There was a lot to take in in this first readings for the course, but it was all very interesting and a lot of it got me even more excited for a future in librarianship.
Let’s start with the reading from How People Learn. Quite a bit of this clicked with me, both from prior experience and what I have been learning so far in my journey to become a school librarian. A great deal of my K-12 education was spent in the kinds of classes where teachers had to focus on breadth of topics instead of depth of knowledge on one concept. I really enjoyed school and did very well, but we didn’t do a lot of the deep concept building that is mentioned in the text as something to strive for. I can definitely see that in things like physics, where we did some coverage of the concepts but focused a lot of our time on the equations needed to solve for specific values. The parts of the text dealing with instruction to master instead of memorize made me think of the kinds of things I have been learning about the Common Core State Standards and the promises that have been made about how students will be evaluated. In my youth media class, we discussed how the goal is to have computer-based testing that can be taken by a student any time in the year in which the content of the test is covered, so that they can master it. The testing software is supposed to be “smart” so that it can ask a question many ways to give a student more chances to understand. I’m not sure how this will be implemented or when it would be possible to have this kind of testing for all students, but the ideas behind it line up with this first chapter of HPL. If there is a way to pull this off, it could allow educators to focus on depth instead of breadth and give students many ways to succeed. It’s definitely one of those things that remains to be seen.
With regards to the chapter on novice versus expert learning, I could again connect this to my experiences in school. We didn’t really get a lot of expert examples in K-12, though I do think I had several teachers that acted more as experts than “accomplished novices” who remember what it is like to be just starting a base of knowledge. In college, I feel like I’ve gotten more expert examples and been taught by more “accomplished novices,” especially since a lot of my professors were themselves scholars who were conducting their own research in the field and so could probably identify with what we were going through. I think SI 502 also had a similar feel, in that we all know Dr. Chuck knows a ton about Python and computer programming but he really tried to present it to us in a way that we could absorb a lot of it while trying to structure it in the way an expert would. I think this is important for me to get used to as a future educator. It makes me think of teaching crochet during Michigan Makers and how much I have learned about teaching through that. I’m trying to show newbies how to do something that I have been working on for years (I’m the expert in this situation, though I’d think of myself as an accomplished novice). At first I thought about what I was showing the middle schoolers in term of how it made sense to me (like how I make a slip knot and how I can just crochet a circle without any sort of pattern), but I’m really starting to look at how my students are seeing what I’m doing and how it makes no sense to them. I’m far from perfect, but I think this experience is giving me a lot of tools I will need in the future to help students build up their knowledge and become experts in their own right.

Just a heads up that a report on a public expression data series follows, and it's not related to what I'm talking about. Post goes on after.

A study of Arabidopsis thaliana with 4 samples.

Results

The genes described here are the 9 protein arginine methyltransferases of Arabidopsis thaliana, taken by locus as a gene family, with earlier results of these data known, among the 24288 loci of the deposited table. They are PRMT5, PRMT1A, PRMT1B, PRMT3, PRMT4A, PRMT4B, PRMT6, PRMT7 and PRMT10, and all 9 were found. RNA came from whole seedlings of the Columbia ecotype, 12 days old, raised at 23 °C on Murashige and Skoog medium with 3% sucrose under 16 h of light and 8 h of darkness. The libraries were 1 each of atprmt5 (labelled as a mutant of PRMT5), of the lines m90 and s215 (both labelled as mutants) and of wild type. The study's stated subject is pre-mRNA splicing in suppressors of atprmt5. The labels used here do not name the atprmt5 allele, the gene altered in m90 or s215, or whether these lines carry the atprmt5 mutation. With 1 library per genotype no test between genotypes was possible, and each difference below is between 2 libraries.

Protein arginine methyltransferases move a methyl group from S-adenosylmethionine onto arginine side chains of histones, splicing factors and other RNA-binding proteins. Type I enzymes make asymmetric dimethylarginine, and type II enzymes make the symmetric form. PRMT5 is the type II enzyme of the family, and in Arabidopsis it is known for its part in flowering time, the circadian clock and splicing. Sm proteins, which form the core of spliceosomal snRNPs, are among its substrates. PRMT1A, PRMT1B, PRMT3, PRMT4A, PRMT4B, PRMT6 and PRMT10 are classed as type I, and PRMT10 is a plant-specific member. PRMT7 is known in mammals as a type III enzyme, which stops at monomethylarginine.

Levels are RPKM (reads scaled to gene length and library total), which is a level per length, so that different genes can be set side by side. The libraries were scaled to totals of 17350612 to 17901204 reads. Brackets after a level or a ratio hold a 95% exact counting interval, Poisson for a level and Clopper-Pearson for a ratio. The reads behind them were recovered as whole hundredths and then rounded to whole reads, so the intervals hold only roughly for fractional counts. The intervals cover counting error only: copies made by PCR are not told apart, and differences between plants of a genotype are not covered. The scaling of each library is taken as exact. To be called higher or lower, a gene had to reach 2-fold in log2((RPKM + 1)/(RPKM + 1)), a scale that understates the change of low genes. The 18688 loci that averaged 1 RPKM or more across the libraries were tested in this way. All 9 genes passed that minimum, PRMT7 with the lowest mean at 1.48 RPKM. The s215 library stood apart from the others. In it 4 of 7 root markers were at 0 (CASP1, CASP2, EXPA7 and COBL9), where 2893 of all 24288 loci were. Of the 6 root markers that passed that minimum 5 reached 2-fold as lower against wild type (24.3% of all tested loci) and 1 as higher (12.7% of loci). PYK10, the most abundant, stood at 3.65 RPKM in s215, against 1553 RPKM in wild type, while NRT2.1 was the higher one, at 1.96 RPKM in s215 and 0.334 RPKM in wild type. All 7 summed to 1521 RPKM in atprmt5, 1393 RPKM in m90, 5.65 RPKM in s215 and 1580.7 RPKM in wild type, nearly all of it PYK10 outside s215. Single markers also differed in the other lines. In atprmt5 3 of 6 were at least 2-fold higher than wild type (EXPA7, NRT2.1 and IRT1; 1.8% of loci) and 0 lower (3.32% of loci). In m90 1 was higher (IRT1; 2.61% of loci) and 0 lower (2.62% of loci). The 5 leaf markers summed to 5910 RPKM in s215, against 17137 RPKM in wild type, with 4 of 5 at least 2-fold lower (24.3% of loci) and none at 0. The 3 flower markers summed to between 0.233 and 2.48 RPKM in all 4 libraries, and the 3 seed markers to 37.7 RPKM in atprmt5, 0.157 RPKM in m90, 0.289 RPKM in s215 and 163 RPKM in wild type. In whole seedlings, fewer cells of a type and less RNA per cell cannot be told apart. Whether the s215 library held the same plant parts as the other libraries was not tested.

Thinking about the profession after doing these readings was exciting and yet it made me a little nervous. Looking at the ALA’s core competencies, it’s a lot to pick up in two years. Some things like management and cataloging have specific courses here at UMSI, and some of the stuff on the list has come up in the classroom, at my job, and at Michigan Makers. However, the sheer number of things on the list made me anxious. There are 8 categories, so that means I have to pick up two a semester. Of course I know that’s not how it works, but the thought crossed my mind. I think that I’m either learning a lot of it now and I don’t realize it or it’s coming down the road. Though the Core Competencies got me worrying, my attitude changed when I watched Josh’s speech. It helped me think yet again about why I’m in this profession: to help people. I absolutely love that Josh’s life was changed so much by the library in his younger years and that he is now able to help people in the same way. His stories brought tears to my eyes. I especially loved the quote from the director about the library being meant to create a better community and Josh’s definition of a library as a place where people can be free. It is astounding to me how much a place like a library can mean to people, especially those in dire situations. People see the library as an inclusive place, and I need to carry on this tradition. When I interact with like-minded people or hear people like Josh speak, I get even more fired up to take this path and work somewhere that I already feel like I belong.